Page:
State agriculture officials announced plans Friday to begin restricting the movement of firewood and ash trees in parts of Cumberland County in response to the discovery of a highly destructive invasive insect in Portland.

The emerald ash borer

A single emerald ash borer beetle was recently discovered in a trap in Portland, suggesting that one of the most destructive invasive insects in the country has potentially moved into Maine’s largest city. While an initial survey did not turn up any additional beetles, the Maine Department of Agriculture, Conservation and Forestry said Friday that the Maine Forest Service will issue a quarantine or “stop movement order” for the city and towns within a 10-mile buffer around the city to slow the potential spread of the borer.

The quarantine will prohibit movement of most ash trees, ash wood and hardwood firewood outside of Portland and the following communities: Cape Elizabeth, Chebeague Island, Cumberland, Falmouth, Gorham, Long Island, North Yarmouth, Portland, Scarborough, South Portland, Westbrook, Windham and Yarmouth.

There are exceptions to the quarantine, such as for firewood that has been heat-treated to kill insects. But the movement of most materials outside of the quarantine area will require a compliance agreement with state or federal agencies.

A similar quarantine was imposed on all of York County and parts of Aroostook County this year in response to the discovery of small infestations of emerald ash borers in those areas.

Staff from the Maine Department of Agriculture, Conservation & Forestry and the city will be available to answer questions about the borer and the quarantine beginning at 1 p.m. on Monday at Payson Park near the corner of Fernald Street and Payson Park Roadway in Portland. Additional information on the emerald ash borer is available at


A native of Asia, the emerald ash borer has killed tens of millions of ash trees in the U.S. and Canada since being discovered in 2002 and is regarded as one of the most destructive forest pests in North America. The small, green-metallic beetles (measuring about one-half inch) lay eggs on ash trees and the hatching larvae then tunnel under the trees’ bark, causing extensive damage that typically results in tree death within three to five years.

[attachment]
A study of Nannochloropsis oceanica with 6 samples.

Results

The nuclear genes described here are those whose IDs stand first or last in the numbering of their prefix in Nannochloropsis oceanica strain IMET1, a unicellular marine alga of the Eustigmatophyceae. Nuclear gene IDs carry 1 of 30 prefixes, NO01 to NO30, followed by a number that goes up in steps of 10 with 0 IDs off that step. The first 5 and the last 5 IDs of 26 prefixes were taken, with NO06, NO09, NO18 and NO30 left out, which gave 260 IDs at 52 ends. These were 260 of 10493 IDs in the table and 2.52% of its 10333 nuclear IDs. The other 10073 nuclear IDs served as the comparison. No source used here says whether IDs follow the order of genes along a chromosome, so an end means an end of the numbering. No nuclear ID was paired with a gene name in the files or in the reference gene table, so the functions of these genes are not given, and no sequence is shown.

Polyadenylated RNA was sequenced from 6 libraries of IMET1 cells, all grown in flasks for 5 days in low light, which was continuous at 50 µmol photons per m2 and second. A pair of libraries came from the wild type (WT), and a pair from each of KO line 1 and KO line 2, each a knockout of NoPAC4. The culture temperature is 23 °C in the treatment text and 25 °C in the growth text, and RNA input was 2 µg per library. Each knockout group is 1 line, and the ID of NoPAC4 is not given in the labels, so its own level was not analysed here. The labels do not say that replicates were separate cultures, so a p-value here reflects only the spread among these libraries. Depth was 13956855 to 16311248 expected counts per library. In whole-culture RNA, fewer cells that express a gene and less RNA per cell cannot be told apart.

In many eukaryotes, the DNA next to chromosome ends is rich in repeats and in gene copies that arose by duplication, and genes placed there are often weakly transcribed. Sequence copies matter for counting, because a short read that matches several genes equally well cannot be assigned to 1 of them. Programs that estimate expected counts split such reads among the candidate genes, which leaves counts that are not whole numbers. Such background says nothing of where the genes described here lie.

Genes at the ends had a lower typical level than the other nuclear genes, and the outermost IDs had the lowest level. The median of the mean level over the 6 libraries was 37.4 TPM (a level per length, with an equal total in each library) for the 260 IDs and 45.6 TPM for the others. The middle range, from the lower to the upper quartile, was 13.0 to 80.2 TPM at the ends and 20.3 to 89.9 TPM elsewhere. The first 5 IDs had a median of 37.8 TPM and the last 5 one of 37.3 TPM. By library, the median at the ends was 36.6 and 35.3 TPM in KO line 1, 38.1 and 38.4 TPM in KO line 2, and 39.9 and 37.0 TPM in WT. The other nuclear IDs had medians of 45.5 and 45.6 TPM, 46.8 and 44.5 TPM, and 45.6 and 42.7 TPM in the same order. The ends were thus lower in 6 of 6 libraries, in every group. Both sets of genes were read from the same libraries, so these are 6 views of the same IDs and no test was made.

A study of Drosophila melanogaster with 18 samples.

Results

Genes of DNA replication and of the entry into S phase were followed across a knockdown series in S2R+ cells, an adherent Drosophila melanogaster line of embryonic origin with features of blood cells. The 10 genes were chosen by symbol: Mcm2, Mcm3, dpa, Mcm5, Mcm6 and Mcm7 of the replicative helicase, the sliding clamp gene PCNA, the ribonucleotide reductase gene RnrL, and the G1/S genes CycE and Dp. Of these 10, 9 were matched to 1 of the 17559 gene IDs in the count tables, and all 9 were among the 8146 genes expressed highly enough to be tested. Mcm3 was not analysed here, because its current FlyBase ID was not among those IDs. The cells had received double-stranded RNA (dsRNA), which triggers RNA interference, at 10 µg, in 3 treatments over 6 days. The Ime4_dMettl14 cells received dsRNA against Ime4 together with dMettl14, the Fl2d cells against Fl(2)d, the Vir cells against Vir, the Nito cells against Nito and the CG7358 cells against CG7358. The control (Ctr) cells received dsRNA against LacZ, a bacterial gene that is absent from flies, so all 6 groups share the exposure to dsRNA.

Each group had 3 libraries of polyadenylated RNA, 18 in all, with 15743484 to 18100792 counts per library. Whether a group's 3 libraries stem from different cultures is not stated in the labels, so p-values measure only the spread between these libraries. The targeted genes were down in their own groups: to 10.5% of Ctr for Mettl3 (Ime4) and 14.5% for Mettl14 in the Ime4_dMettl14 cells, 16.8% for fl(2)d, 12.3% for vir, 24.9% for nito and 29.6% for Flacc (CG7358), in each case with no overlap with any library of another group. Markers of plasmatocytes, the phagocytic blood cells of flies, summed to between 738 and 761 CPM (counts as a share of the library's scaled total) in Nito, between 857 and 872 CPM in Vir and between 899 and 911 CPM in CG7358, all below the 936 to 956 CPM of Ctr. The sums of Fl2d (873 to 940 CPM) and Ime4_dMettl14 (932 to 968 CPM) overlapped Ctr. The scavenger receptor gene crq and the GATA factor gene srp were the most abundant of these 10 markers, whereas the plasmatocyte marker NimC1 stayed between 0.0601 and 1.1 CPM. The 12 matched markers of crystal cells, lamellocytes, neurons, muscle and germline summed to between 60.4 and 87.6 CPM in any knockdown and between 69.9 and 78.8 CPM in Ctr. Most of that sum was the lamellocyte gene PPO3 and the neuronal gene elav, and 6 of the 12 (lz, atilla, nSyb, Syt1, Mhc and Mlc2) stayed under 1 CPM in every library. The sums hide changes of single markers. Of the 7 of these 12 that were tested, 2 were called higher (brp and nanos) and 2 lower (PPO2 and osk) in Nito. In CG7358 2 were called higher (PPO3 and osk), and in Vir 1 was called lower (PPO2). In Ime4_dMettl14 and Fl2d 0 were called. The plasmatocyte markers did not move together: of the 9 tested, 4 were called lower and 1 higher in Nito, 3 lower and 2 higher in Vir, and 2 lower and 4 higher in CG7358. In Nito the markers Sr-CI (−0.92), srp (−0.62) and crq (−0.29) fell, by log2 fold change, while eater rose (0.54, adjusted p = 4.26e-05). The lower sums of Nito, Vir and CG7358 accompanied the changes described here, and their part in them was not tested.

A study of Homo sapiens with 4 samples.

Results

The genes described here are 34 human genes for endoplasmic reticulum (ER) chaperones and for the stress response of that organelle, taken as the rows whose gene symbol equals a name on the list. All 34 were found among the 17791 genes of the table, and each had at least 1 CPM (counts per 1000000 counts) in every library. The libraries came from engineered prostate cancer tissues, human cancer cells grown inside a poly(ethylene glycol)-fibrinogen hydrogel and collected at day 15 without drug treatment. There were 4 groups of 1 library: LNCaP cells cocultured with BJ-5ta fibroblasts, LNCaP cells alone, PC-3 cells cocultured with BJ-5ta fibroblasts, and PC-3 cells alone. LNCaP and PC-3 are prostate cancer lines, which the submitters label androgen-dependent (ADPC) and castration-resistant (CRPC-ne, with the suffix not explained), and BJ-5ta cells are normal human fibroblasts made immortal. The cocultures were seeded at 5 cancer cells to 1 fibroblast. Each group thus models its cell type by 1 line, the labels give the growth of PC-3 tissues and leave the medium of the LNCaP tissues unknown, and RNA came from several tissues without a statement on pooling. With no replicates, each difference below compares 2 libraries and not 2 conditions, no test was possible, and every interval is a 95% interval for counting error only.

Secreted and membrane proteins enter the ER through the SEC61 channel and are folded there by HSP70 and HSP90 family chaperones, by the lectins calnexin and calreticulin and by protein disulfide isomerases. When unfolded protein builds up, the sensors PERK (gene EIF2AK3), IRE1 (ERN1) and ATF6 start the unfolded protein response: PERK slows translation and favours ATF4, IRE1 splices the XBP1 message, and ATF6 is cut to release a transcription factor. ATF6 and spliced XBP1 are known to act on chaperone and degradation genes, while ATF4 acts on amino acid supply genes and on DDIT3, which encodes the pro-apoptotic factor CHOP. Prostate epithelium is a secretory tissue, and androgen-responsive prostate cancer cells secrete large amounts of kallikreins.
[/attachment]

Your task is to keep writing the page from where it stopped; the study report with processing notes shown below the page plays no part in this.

Although there are methods to control the spread of the emerald ash borer, such as through destruction of infested trees and insecticide treatment for others, experts have yet to devise a way to eliminate the pests once they are established.

Ash trees comprise a small portion of Maine’s forest canopy but are planted as ornamental trees in many downtown or suburban neighborhoods. The species also fills important economic and cultural niches in Maine as wood from the trees are used to make furniture, musical instruments, snowshoes, baseball bats and the baskets weaved by some Indian tribes in Maine.

Ash trees have an estimated overall commercial value of $320 million in Maine.

Portland, which is known as “Forest City,” has roughly 600 ash trees planted on city streets and in parks.

“There are also many native ash trees in the forests and pockets of woods that skirt the city, especially along waterways such as the Presumpscot River,” the Department of Agriculture, Conservation and Forestry said in a news release on Friday. “The city plans to monitor for expansion of the infestation with the Maine DACF and local conservation groups and will prioritize treatment and removal of infested ash.”

The ash borer’s eventual arrival in Maine was widely regarded as inevitable because the insects are well-established just across the border in parts of New Hampshire as well as in other parts of New England. Adult emerald ash borer beetles can only fly about one-half mile, so entomologists say most new infestations far from existing hotspots are caused by people inadvertently moving trees or firewood containing the beetles or larvae.